Rain leaves earthslides in Natchez

Published 12:00 am Friday, March 7, 2003

NATCHEZ &045; Against the predictions of some, the sun did emerge in Natchez again Thursday afternoon.

But the days of saturating rains over the last three weeks have already caused mudslides and sinkholes so numerous that City Engineer David Gardner has lost track.

They have ranged from a small hole in front of the Natchez Post Office to a slide on Learned’s Mill Road that &uot;was about 150 truckloads of dirt,&uot; said City Engineer David Gardner.


The good news? Stabilization work that was done on the bluff from 1998 to 2001 is still holding up well despite slides on the bottom of the bluff, Gardner said.

During those years, the U.S. Corps of Engineers supervised a multi-million-dollar bluff stabilization project that included the area from Clifton Avenue to Silver Street.

Five slides along Learned’s Mill Road and two slides along Roth Hill Road did damage some pipes that drain water from behind the retaining mall &045; a problem that will be repaired as soon as possible, Gardner said. &uot;If we waited a few years to correct it, we might have a problem on our hands, but we don’t right now,&uot; he said.

Other significant mudslides have also appeared on St. Catherine’s Creek near Woodville Drive, Quail Creek near Duster Drive and at Ridge Manor Apartments.

&uot;Any time we have these slow, soaking rains, it saturates the soil. And we have a lot of vertical slopes with bayous, so it’s sloughing off just about everywhere,&uot; Gardner said.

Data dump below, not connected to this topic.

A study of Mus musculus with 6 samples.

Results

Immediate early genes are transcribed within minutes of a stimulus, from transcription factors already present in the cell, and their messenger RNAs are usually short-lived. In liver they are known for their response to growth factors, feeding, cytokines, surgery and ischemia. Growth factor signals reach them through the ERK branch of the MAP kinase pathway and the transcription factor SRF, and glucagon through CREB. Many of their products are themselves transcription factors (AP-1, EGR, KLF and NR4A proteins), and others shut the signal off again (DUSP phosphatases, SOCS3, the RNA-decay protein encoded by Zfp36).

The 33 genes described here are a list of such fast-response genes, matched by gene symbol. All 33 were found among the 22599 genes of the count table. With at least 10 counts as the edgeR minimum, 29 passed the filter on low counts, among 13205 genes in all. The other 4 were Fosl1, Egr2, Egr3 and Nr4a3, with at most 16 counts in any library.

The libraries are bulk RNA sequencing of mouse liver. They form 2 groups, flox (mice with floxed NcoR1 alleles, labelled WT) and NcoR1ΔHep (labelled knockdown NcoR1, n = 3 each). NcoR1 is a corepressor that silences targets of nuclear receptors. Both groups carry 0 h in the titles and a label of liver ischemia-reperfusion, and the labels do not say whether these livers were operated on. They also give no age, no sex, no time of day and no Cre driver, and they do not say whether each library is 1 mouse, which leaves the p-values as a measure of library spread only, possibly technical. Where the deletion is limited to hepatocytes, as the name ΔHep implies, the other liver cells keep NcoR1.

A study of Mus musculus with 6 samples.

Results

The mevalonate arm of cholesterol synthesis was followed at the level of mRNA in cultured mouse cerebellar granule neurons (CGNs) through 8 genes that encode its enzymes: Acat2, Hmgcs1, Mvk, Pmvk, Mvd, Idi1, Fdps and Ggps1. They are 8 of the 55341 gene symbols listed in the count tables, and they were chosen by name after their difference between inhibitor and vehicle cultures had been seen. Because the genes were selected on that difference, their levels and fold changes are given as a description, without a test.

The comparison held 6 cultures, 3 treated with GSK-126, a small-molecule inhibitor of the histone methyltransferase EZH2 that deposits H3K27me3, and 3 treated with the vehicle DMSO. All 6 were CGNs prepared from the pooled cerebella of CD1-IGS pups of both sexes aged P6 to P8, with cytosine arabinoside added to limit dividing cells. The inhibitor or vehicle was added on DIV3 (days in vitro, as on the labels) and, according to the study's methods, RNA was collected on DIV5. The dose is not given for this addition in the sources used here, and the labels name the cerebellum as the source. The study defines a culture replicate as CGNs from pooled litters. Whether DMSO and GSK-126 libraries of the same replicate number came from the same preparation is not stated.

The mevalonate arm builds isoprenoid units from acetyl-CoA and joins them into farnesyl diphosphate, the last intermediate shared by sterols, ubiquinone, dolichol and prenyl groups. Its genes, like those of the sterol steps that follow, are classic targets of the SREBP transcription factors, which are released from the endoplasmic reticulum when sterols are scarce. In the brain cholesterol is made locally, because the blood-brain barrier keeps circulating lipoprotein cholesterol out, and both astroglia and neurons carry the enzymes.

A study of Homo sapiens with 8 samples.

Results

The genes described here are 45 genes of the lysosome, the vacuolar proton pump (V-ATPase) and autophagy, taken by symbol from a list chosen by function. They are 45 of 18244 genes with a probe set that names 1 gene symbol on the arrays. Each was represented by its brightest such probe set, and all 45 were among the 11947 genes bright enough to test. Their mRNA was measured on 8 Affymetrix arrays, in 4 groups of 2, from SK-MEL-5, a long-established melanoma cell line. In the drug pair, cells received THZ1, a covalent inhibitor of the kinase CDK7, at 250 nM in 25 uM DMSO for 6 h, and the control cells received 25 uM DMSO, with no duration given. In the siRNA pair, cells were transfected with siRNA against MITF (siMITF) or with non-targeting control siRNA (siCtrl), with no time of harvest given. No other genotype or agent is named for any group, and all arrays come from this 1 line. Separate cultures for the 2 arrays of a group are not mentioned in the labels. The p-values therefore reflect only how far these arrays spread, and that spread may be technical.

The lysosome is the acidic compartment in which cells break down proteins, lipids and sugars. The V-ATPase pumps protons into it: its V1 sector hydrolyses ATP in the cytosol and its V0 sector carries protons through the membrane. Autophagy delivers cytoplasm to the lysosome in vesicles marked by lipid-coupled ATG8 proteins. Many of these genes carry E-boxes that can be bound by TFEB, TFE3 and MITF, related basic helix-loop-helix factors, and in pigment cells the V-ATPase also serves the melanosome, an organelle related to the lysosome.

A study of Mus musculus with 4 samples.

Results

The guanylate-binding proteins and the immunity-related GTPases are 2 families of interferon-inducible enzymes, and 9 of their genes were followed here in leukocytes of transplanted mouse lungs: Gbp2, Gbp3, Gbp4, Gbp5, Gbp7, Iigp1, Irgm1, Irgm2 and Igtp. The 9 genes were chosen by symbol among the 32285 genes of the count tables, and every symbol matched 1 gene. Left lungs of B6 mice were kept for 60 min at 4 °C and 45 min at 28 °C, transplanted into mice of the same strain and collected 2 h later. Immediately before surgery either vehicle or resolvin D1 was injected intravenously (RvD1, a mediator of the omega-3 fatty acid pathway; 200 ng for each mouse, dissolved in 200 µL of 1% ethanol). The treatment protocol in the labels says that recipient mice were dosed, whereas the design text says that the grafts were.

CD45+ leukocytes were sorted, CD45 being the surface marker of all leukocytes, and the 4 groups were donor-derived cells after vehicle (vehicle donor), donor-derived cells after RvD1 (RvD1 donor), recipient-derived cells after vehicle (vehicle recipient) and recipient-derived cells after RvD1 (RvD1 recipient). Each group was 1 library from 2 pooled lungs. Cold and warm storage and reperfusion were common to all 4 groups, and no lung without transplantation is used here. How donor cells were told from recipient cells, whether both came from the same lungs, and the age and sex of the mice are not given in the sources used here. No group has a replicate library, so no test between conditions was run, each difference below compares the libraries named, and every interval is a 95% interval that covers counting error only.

Still, he said, &uot;We can’t go on private property to correct them, but we could apply for soil conservation grants to help fix them if the Natural Resource Conservation Service Š would deem it an emergency.&uot;

But if correspondence between Adams County and the Natural Resource Conservation Service is any indication, that help could be on the way.

On Wednesday, Adams County Road Manager Bobby Powell received a letter from the NRCS notifying him that an emergency had been declared.

That’s good news, because unincorporated Adams County has had quite a few mudslides itself.

&uot;Every available time we can work, we’ve been removing them,&uot; Powell said. &uot;In the cases of ones that do block part of the road, we have an emergency call-out crew that’s notified by the Sheriff’s Office.&uot;

Two slides, one on Old Meadville Road and one on Quitman Road, had to be removed during the night because they were partially obstructing traffic.

The county has received several requests about washes on private property &045; slides on Pineview Drive, West Wilderness Road, Prince Addition and Martin Luther King Jr. Road among them.

And Powell, the county’s engineer and, in some cases, the county’s attorney are checking them personally to see whether the county can legally help.

Except in cases where the damage is caused by the county or is endangering a road, the county cannot legally help, he said.

Meanwhile, the city and county are working on Emergency Watershed Program projects, which are funded with soil conservation grants.

The city’s projects include erosion control work at the city’s waterworks lagoon and near Elms Court. Engineers are now drawing up plans for the county’s EWP work, Powell said.